Thursday, April 11, 2013

Biannual (February 2013) Kavango Biological Survey Data Available

Kavango river in Namibia


By:    Celestino Ferreira – FRT
          Victoria Mumba – FRT
          Noa Shapumba – FRT 

1. Introduction
The Kavango River (sometimes referred to as the Okavango River) originates from the Angolan highlands south of Nova Lisboa (now referred to as Huambo in the Huambo Province) and flows eastwards to form a border between Angola and Namibia, traverses the Caprivi Strip and eventually spills out into the Okavango Delta in Botswana (MFMR, 1995).Namibia is generally a very arid to semi-arid country with limited freshwater resources. However, the Northeast part of Namibia is characterised by a presence of perennial rivers systems such as the Kavango River and other Rivers such as the Zambezi, Kwando and Chobe.
The Kavango River as a system is more than just a source of fresh water for human consumption in that it is also an important habitat for abundant freshwater fish resources. The Okavango floodplain system in Namibia consists of the main river, standing backwaters, swamps and floodplains covered by water seasonally. This time of the year is considered to be the time when the floods are at their peak. High water levels are known to cause low catches by fisherfolks. This also causes water quality parameters to be slightly lower than during the dry season. Hence, low CPUE and low readings on water quality parameters due to the dilution factor.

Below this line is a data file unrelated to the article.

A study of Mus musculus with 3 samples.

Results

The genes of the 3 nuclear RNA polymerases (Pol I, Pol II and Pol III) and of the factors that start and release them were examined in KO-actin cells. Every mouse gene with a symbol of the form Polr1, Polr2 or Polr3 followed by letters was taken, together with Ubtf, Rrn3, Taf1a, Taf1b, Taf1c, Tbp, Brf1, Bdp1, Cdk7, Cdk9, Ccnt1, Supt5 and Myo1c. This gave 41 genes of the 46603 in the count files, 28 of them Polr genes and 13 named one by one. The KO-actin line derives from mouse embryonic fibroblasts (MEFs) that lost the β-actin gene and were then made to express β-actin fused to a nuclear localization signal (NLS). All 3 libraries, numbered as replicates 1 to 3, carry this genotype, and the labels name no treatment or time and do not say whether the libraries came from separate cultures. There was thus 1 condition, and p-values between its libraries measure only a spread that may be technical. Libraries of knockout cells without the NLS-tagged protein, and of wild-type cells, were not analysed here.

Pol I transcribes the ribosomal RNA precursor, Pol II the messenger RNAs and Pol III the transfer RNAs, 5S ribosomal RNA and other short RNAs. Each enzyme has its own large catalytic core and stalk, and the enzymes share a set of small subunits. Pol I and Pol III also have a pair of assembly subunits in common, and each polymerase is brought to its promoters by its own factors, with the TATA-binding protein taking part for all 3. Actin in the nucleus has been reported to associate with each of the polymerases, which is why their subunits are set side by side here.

2. Objectives
To collect time series data on fish biology, and fish dynamics of the Fishery. Putting into consideration also the water quality parameters (Environmental factors) that can be recorded.

3. Study area
The study area included five different stations along the Kavango River. Stations included Kwetze, Cuito, Musese, Nkurenkuru and Rundu.

4. Methods and Materials
4.1 Water quality monitoring
Monitoring of water quality parameters was done at all the sampling stations visited during the survey. DO, TDS, Salinity, Conductivity, pH, Water Temperature were measured using HACH HQd multimeter. Recording was done 3 to 4 times per station and the mean was used as the final result. Data was recorded on specially adapted field forms for water quality monitoring form for KIFI. Data was entered and analysed in Microsoft Excel for.

4.2 Fish sampling and data collection
Fish sampling was done at Kwetze, Cuito, Rundu, Musese and Nkurenkuru. Gillnets were the sole sampling gears at all the stations and effort was kept at six gillnets per stations and spread over three nights meaning two gillnets were put out per night.Each gillnet was mounted with eleven panels of different sizes. The different panels were of size 12”, 16”, 22 28”, 35”, 45”, 57”, 73”, 93”, 118”, 150” which were randomly attached. Data was entered and analysed in using Pasgear 2.